A poor shelf-image

Graphic design books have been getting more space on bookstore shelves of late but some titles lack imagination and look as if they have been thrown together.

Been into an art and design book shop recently? Incredible. Graphic design books used to be shoved in a quiet corner between Ceramics and Quilt-making. Now they’re not only given some of the largest and most profitable areas in-store, they’re even spilling out into publishing’s most sacred altars – the till area and the shop window.

The contemporary classics are still much in evidence. Thank goodness there’s always space for the likes of Alan Fletcher’s auto-graphical Beware Wet Paint, and – the Morecambe and Wise of design books – A Smile in the Mind by David Stuart/ Beryl McAlhone, and Graphic Wit by Steven Heller. There’s an increasing number of Continental imprint titles, too, with Verlag Lars Muller particularly deserving of shelf space.

But the explosion in design books isn’t so much to do with these lovingly crafted items, more the huge number of what might be termed graphic compilations. The Greatest 12-inch Remix Sleeves of All Time: Two; Now That’s What I Call Typography 37; Flash Herberts: The Work of 25 East London-based Web Designers; more and more appear each week.

Some marry inspiration and intelligence, repaying the reader’s investment of time and money. Others read like they were dreamt up over a Pret A Manger lunch and produced in half that time. I suppose it’s no different from the music compilation albums in the 1980s. On the one hand you had The Best of Factory Records, on the other Jive Bunny Plays Shakin’ Stevens. (For the benefit of younger readers, these were audio recordings reproduced on vinyl – a primitive equivalent of an MP3).

What does this growth in graphic compilations tell us? It tells us that there’s a spectacular desire to capture and organise what’s being done out in studioland, and that this desire goes way beyond simply having a record of the “best ofs” – the “quite goods” are in demand, too.

What we can also see is that a significant number of designers still value the experience of browsing for such titles in a book shop. Rumours of the death of specialist retailers at the hands of some Amazonian Behemoth have been much exaggerated. I love buying books on-line, but I’ll always grab half an hour in a bricks and mortar shop when I can, even if the likes of Zwemmers and Dillons have yet to make a book shop experience all it could be. Of course, the real irony is that the rise of the Internet has probably increased the design book shops’ profits – just look at the number of titles about Web design on the shelves.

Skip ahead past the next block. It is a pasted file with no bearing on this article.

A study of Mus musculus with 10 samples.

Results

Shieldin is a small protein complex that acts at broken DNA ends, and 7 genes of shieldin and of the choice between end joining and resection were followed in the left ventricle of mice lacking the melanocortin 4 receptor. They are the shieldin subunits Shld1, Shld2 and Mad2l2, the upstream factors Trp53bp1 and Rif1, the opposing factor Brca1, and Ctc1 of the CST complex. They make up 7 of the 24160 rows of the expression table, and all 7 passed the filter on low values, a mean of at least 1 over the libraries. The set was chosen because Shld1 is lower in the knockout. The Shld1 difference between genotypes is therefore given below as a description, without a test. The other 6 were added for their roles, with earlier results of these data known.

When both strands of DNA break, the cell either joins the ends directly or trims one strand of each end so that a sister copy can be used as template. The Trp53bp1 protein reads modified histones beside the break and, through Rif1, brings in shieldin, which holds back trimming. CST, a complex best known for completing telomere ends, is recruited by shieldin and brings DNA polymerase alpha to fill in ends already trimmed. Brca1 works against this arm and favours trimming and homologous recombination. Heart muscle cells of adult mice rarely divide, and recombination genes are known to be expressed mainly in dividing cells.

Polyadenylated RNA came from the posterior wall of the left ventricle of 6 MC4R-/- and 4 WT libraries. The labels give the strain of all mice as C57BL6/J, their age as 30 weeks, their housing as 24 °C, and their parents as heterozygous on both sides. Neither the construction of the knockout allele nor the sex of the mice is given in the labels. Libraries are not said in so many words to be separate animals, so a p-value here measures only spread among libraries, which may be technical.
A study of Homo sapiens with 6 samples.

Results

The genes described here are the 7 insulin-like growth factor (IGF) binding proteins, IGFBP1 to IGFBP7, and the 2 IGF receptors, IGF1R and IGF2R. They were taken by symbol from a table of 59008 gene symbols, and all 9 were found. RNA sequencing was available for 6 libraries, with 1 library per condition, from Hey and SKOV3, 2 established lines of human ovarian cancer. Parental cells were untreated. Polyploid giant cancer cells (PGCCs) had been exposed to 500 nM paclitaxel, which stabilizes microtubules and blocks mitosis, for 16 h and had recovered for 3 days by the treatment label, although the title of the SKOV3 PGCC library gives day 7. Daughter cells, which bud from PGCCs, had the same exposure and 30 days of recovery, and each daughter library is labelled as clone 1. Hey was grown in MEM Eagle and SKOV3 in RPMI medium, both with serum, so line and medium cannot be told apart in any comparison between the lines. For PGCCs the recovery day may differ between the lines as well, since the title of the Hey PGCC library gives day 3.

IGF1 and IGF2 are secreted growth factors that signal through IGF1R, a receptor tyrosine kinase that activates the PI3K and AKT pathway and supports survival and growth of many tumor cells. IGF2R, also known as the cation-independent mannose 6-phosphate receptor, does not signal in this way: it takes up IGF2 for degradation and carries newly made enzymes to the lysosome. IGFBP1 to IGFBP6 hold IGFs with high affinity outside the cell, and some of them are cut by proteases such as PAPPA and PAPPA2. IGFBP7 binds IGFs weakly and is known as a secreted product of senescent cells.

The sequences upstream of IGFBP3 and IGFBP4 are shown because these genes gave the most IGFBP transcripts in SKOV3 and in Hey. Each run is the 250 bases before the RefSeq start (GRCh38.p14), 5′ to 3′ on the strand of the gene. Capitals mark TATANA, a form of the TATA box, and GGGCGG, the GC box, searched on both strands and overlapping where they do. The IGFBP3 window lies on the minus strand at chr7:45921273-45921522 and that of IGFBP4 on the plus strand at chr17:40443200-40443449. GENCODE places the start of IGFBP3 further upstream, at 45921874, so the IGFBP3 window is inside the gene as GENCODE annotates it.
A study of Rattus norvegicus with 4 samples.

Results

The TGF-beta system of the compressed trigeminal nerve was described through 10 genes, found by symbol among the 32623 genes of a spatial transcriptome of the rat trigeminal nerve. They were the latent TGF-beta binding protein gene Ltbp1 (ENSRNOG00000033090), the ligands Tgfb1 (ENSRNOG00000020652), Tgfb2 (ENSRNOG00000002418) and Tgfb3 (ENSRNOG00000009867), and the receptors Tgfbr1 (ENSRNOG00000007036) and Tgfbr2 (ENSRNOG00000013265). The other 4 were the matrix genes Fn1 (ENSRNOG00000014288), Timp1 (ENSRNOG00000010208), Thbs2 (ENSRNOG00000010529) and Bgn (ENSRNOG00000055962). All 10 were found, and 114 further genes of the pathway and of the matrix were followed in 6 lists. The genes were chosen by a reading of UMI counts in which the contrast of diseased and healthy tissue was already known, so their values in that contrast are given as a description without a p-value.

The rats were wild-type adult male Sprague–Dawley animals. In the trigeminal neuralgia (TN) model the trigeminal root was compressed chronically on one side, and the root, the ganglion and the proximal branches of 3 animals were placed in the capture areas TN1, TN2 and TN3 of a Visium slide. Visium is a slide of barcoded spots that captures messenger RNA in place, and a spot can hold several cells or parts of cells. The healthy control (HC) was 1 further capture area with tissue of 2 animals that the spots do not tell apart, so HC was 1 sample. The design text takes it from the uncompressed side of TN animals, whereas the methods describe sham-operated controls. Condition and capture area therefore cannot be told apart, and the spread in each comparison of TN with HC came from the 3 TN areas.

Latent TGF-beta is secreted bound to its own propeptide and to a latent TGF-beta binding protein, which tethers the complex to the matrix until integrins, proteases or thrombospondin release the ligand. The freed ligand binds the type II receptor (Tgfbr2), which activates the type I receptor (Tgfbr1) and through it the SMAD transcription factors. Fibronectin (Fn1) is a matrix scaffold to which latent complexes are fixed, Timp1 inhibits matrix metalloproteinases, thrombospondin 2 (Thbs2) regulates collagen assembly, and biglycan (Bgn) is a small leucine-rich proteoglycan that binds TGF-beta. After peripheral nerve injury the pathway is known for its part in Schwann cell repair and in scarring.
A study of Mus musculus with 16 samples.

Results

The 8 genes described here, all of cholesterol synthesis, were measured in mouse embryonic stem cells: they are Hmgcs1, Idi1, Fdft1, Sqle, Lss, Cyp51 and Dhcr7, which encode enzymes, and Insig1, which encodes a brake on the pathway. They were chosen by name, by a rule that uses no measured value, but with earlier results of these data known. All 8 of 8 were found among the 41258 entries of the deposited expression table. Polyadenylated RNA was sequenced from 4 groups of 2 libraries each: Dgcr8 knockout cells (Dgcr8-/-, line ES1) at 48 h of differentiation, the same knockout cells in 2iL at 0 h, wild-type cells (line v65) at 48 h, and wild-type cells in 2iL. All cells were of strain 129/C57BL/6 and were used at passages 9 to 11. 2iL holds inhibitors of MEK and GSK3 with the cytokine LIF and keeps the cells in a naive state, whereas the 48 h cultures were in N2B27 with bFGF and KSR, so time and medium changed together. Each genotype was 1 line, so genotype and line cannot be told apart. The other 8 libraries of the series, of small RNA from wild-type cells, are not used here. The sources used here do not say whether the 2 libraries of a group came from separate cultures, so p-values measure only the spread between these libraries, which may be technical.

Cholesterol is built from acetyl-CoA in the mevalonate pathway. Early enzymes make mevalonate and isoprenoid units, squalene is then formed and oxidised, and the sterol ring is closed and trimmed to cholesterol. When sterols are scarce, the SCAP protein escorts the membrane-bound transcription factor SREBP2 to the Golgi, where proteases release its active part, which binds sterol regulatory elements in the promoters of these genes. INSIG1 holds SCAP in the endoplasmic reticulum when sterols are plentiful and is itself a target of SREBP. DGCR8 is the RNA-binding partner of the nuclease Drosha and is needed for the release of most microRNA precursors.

I think that the growth of graphic compilations also draws our attention to the industry’s increasing narcissism. Cruelly denied a place before the finest mirror society has – TV – graphic design has turned to the printed form for a mimetic celebration of its value and vitality. While advertising has always revelled in its mass market exposure, graphic design gets televised every other leap year. As a result, the book shop shelves bend beneath a collective need to absorb our own importance. I have written for or have had pieces included in a number of annuals, so I’m not above such navel-gazing.

Should we be worried by any of this? Some of the templated, production-line tat of these compilations would make a temporally-transported Gutenberg wish he had invented an innovative form of clog. But when money’s involved people make their own choices. The market can and will decide for itself.

For this reason, my concern is less about the quality of what’s on offer and more about how designers use such books. It seems that too often the first response to a new brief is to grab an annual and see what everyone else has done. Sure, you can learn from what’s gone before, but those first few hours of responding to a brief are when fresh and beautifully lateral ideas can emerge.

But there is a wider malaise here. Lazy grazing through graphic compilations is just an extension of an anaemic desktop culture where everything needed to perform a job function is just a click away. The Net is great for a million things, but where are you more likely to develop an exciting idea – sitting in front of your Mac or wandering round a museum or a park or a bar?

We are in danger of spending too much time immersed in what has already been done, rather than exploring what could happen next. Unless desktop, compilation culture is balanced with a healthy respect for the richness and fertility of life outside the studio, graphic design may end up sitting in a room full of mirrors, staring at itself.